Transgenic animals are genetically modified organisms (GMOs) which are animals. They have in some way had their genetic material changed, for any number of reasons. In some cases these animals may be designed simply to be visually interesting, to study, to yield more meat, or to perform a specific task better. They have had their DNA altered specifically by having the DNA of another animal inserted into their own code, in contrast to cisgenic animals, which have their DNA altered by other means.
The simplest type of transgenic animals are those which have genetic material inserted into their own code for research purposes. One notable example of this is the injection of material from a certain species of jellyfish into other creatures. This material is responsible for a fluorescent protein, GFP, which then allows researchers to track proteins tagged with GFP in the animal it has been inserted into.
There are valuable uses of transgenic animals in medicine, as well, with many animals altered in order to make them produce something needed by human beings. One of the first uses of transgenesis, for example, was to make the E. Coli bacteria produce human insulin, which could then be gathered cheaply, rather than having to be harvested from more expensive animals like pigs. A more contemporary example can be seen in the use of transgenic goats to product an anticoagulant in their milk. The milk can then be harvested from the animals, and the anticoagulant, ATryn, can be extracted and used in situations such as surgeries where the blood cannot be allowed to clot.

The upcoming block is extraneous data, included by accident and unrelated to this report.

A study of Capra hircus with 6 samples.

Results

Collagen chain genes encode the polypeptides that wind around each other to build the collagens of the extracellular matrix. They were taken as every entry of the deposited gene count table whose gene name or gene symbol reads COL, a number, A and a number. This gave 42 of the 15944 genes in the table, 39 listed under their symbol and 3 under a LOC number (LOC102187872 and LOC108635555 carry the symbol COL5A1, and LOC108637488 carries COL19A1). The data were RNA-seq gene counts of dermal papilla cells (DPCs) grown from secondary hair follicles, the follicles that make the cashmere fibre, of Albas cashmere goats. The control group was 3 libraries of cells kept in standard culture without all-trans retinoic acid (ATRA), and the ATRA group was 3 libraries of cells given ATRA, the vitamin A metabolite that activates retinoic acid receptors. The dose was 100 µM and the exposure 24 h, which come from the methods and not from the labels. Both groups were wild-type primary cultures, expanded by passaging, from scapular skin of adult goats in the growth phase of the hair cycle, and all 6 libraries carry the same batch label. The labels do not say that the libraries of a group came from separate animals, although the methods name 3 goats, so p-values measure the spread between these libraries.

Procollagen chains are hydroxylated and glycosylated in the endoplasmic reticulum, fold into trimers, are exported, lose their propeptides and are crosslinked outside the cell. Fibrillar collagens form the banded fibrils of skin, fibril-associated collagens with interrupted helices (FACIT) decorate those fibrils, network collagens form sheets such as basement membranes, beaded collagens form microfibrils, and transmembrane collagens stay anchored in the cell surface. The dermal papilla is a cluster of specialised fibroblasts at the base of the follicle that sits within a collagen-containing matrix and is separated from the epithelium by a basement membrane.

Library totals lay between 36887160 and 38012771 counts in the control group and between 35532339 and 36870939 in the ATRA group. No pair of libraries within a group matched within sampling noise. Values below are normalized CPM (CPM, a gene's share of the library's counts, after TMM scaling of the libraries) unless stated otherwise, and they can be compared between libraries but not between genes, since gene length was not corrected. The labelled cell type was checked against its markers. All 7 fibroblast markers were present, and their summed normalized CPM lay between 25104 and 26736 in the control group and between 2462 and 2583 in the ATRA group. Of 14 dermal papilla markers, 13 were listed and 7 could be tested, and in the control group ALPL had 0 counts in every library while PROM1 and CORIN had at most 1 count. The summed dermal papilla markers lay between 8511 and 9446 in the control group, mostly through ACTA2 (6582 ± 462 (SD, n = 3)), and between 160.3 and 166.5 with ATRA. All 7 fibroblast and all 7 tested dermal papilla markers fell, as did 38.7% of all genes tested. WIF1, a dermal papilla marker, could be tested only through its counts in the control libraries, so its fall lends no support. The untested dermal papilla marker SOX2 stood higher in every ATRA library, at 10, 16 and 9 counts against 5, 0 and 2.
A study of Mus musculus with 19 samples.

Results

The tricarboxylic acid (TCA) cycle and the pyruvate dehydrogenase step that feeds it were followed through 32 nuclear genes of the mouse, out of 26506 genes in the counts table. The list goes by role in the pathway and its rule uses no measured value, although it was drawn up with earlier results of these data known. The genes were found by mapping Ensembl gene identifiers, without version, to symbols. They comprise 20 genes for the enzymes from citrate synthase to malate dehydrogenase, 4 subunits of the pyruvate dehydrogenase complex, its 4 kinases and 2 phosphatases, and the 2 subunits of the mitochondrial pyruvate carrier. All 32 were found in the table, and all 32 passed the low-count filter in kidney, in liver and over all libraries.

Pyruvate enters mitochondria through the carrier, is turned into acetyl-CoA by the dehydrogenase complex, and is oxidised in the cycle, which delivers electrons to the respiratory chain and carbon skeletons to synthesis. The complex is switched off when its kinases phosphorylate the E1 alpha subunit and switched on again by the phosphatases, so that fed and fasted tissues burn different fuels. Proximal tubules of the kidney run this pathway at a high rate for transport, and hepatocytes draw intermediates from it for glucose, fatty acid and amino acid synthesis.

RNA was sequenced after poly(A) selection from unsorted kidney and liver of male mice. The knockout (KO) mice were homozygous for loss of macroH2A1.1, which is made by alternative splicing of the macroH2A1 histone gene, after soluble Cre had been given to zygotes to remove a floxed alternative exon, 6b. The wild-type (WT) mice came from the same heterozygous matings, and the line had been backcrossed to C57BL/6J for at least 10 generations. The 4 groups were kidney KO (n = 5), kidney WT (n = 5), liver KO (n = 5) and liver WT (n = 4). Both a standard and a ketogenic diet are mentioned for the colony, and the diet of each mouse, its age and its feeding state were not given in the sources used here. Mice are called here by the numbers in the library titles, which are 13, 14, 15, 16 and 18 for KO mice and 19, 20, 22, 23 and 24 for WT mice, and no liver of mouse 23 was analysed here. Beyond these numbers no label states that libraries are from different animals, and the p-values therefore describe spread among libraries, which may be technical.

In research, transgenic animals may also allow for specific research possibilities. Modified mice, for example, are often used in laboratory testing. They can be modified so that researchers can observe specific responses their tissue has to diseases. This can lead to the development of drugs and treatments for humans suffering from those same diseases.
For the most part, transgenic animals have not become widely commercially available. This is in part because the public is still wary about eating them, and there is some concern over what would happen if certain super-species were to escape into the wild and overrun native populations. Many fish farms, for example, have developed transgenic versions of popular food fish, which can grow many times the size of their un-modified counterparts. Eventually this may allow for a much cheaper rearing of food fish, driving down the price on these fish for consumers.
One of the most iconic transgenic animals is the brand GloFish®. These are zebrafish that have been modified to include genes that make them glow fluorescent colors. The fish were created in 1999 with the goal of helping to detect pollutants, but it quickly became apparent that they had huge potential as a novelty item. They come in three colors, with green GloFish® derived from the GFP protein from jellyfish, a red GloFish® derived from a type of sea coral, and a yellow GloFish® derived from a variant of the jellyfish protein.